Oct. 19–Texas added eight active drilling rigs last week, more than offsetting losses in other states for a net nationwide rig count jump.
The U.S. tacked on four additional net rigs, increasing the nation’s total to 1,067 rigs with more than half of them operating in Texas, according to weekly data collected by Baker Hughes, a GE company.
Alaska, New Mexico, Oklahoma and Pennsylvania all lost rigs. Apart from Texas, California was the only state to see new activity with two new rigs added there. The overall tally of rigs primarily drilling for oil increased by four up to 873. That leaves 194 rigs seeking natural gas.
Out of the 873 oil rigs, well more than half of them — 490 — are situated in West Texas’ booming Permian Basin that also extends into New Mexico. Texas accounts for 540 rigs overall.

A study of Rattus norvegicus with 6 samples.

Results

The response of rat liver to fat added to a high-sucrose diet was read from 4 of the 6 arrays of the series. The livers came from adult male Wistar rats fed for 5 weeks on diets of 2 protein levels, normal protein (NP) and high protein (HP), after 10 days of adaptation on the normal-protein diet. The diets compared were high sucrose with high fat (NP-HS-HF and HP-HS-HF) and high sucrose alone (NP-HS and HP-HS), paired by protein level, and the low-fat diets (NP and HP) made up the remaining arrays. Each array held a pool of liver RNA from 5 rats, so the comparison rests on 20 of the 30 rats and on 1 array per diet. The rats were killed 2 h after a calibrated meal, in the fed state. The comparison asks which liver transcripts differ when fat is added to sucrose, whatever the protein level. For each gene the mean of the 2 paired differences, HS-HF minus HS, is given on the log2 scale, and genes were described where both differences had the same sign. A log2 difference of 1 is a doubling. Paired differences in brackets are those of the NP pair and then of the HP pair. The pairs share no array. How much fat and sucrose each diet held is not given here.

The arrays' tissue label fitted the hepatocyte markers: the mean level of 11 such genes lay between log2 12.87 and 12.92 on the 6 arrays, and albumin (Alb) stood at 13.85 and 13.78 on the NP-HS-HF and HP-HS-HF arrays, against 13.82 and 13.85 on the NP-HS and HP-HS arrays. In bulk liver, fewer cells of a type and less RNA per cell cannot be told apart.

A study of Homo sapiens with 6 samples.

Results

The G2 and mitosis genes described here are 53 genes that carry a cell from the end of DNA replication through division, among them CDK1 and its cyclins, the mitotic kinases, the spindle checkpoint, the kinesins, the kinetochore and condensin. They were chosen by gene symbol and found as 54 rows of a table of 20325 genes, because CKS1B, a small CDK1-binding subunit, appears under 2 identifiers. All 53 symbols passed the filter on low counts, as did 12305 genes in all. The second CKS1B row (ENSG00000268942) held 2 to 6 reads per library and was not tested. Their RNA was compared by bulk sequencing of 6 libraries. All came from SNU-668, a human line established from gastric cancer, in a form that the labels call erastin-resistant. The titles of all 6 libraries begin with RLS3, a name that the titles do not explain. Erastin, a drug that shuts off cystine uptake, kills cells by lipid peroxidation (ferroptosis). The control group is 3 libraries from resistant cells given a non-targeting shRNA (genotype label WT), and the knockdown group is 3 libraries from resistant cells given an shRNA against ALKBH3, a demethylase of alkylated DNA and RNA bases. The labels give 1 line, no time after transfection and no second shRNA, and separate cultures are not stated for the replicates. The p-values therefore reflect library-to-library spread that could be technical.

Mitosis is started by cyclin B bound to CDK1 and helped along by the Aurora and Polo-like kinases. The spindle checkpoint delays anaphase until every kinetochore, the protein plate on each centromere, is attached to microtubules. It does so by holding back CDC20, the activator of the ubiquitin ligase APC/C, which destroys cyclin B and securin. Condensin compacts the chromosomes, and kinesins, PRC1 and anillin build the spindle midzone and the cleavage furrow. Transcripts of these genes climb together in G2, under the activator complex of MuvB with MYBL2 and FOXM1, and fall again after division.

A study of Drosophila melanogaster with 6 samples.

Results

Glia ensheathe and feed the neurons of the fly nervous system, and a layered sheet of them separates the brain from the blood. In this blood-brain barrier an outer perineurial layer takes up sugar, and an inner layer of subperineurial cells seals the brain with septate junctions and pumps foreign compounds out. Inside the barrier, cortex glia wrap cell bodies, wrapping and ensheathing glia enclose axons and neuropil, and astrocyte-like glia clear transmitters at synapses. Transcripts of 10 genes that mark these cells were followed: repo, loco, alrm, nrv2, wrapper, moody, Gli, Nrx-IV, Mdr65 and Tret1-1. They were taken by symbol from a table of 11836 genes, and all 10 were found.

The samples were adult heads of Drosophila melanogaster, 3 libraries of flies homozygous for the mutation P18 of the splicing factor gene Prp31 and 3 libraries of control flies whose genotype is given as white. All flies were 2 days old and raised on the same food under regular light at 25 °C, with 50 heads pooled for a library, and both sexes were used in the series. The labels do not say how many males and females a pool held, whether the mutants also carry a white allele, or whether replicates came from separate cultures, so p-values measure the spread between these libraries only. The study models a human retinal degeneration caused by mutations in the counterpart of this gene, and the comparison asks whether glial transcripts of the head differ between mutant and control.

Because of pipeline shortages in West Texas, many companies are continuing to drill Permian wells while leaving more of them uncompleted for the time being until new pipelines come online.
The total count is up from an all-time low of 404 rigs in May 2016.
South Texas’Eagle Ford shale added two rigs for the week. The Eagle Ford remains the next most active area after the Permian with 79 rigs, although that number is closer to 100 if additional neighboring counties were counted. Oklahoma’s Cana-Woodford shale with is next with 63 rigs. Statewide, Oklahoma ranks second after Texas with 141 rigs. New Mexico is next with 100 rigs.
With this week’s jump, the oil rig count is down 46 percent from its peak of 1,609 in October 2014, before oil prices began plummeting. However, rigs today are able to drill more wells than before and to deeper depths to produce more oil and gas. That’s largely why the U.S. is producing record volumes of both crude oil and natural gas.